MSNBC host Chris Hayes responded Friday to New York Times columnist David Brooks' piece on why he doesn't smoke pot anymore, delivering a powerful account of how race and luck helped him escape arrest at one of the biggest events in politics.
Hayes attended the 2000 Republican National Convention in Philadelphia, but not without a little bit of trouble at the security check-in. He inadvertently had a bag of weed in his luggage -- one that despite being caught by the police, came with little consequence.
The MSNBC host predicted that in a best-case scenario, the cops thought he was a senator's son -- an incident with "a whole bunch of headaches" that they "did not need" on a night with greater security concerns.
"I can tell you as sure as I am sitting here before you that if I was a black kid with cornrows instead of a white kid with glasses, my ass would've been in a squad car faster than you can say George W. Bush," Hayes remarked.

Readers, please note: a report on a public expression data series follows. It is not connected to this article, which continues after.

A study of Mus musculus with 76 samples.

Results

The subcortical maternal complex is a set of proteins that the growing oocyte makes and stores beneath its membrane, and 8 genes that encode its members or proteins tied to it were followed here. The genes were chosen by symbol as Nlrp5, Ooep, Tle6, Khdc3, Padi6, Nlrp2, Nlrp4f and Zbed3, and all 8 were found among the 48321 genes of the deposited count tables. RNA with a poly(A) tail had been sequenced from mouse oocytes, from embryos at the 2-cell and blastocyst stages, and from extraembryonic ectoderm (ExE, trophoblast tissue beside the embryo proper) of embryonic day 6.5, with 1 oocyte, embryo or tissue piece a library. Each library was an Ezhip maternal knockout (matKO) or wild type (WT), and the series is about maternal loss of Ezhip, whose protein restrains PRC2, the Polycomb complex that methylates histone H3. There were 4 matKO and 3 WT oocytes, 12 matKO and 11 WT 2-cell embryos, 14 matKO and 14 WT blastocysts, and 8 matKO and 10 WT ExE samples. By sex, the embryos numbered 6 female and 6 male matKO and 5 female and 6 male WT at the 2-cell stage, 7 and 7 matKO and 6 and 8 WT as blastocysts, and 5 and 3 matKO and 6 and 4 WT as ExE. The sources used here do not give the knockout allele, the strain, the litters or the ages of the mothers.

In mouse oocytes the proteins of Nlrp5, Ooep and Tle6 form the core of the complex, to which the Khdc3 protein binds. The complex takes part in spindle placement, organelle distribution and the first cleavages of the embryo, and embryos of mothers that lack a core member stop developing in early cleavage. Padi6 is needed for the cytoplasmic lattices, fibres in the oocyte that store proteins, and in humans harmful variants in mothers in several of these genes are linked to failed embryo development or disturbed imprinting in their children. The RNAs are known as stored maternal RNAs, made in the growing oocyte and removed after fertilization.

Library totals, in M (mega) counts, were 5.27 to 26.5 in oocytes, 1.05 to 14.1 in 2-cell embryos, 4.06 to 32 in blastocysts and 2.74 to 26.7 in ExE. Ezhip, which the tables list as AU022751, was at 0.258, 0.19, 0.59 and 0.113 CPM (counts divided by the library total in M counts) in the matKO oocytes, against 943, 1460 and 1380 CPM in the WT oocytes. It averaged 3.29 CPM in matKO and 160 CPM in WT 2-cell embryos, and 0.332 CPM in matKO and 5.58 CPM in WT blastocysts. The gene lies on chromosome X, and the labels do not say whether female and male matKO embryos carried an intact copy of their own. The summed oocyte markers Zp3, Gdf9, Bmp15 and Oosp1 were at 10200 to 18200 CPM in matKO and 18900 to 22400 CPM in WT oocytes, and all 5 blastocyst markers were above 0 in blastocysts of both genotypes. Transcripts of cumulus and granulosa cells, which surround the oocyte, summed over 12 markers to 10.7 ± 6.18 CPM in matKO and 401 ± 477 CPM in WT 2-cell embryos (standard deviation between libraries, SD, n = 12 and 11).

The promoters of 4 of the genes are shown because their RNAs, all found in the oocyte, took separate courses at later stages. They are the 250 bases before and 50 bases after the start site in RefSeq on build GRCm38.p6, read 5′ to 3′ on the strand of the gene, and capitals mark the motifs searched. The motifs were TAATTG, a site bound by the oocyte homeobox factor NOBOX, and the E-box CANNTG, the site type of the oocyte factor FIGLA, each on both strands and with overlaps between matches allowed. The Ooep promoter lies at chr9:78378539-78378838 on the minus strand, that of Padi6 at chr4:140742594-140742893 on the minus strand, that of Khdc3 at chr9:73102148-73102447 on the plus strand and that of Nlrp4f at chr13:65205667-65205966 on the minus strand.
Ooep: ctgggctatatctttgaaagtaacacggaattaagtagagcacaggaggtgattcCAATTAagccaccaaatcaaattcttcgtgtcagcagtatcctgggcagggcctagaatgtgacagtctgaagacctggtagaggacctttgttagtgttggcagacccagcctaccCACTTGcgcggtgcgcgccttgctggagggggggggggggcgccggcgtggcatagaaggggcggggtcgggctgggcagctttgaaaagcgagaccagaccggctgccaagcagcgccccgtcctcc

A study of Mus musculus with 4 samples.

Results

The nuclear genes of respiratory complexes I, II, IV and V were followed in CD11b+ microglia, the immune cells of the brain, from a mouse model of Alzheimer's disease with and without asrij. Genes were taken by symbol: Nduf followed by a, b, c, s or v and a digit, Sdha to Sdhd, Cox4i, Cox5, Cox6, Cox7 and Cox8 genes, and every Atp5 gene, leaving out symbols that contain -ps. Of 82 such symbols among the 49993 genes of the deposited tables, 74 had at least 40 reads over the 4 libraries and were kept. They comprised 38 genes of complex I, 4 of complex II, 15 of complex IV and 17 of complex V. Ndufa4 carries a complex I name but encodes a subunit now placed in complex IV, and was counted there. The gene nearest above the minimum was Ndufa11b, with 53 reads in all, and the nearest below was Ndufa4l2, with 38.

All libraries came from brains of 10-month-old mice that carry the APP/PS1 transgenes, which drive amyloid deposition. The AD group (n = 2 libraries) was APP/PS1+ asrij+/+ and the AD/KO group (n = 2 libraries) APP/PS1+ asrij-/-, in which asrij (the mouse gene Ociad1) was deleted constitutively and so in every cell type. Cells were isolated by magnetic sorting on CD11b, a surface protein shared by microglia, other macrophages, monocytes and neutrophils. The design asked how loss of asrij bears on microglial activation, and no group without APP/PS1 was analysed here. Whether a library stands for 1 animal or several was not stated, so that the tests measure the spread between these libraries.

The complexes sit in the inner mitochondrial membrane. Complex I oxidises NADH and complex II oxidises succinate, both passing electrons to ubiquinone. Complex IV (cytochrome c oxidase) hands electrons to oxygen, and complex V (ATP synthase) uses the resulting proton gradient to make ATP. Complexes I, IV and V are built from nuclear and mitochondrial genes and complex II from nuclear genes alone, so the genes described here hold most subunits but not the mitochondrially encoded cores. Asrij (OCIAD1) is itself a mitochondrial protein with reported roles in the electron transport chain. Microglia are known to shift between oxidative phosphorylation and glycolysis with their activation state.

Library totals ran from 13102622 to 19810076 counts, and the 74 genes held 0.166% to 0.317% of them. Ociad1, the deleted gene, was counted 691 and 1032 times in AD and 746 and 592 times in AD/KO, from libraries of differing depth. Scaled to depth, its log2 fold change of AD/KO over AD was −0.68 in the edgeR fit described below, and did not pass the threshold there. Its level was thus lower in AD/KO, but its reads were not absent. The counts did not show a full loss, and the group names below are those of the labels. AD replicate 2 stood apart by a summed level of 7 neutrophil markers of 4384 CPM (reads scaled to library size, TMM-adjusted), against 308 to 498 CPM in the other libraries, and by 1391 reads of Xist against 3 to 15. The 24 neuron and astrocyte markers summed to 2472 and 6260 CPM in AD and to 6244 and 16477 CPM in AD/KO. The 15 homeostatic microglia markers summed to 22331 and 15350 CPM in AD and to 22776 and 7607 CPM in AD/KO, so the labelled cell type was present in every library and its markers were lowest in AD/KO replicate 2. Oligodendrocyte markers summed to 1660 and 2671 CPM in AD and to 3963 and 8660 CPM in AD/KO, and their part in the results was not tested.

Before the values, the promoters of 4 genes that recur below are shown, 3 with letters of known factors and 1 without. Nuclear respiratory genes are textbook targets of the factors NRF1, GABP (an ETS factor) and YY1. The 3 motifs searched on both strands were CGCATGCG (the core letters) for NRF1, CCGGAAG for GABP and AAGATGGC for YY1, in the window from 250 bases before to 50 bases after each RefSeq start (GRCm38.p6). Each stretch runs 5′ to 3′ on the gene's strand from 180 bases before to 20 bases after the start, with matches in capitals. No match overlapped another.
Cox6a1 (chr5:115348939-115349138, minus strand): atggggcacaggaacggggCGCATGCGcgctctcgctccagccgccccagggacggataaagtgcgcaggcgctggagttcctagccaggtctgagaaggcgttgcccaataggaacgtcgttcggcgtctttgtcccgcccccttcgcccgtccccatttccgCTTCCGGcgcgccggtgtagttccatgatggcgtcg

The end of Brooks' piece claimed that legalization of weed in Colorado was "nurturing a moral ecology in which it is a bit harder to be the sort of person most of us want to be." Hayes jumped on that argument, saying that "the one kind of person most people don't want to be is a person caught in the criminal justice system," pointing to his personal brush with the law.
A 2013 ACLU report sheds light on the numbers behind Hayes' argument. Entitled "The War On Marijuana In Black And White," figures show that even though blacks and whites use weed at similar rates, black people are 3.73 times more likely to be arrested for marijuana possession.
Watch Hayes' full account above (via MSNBC).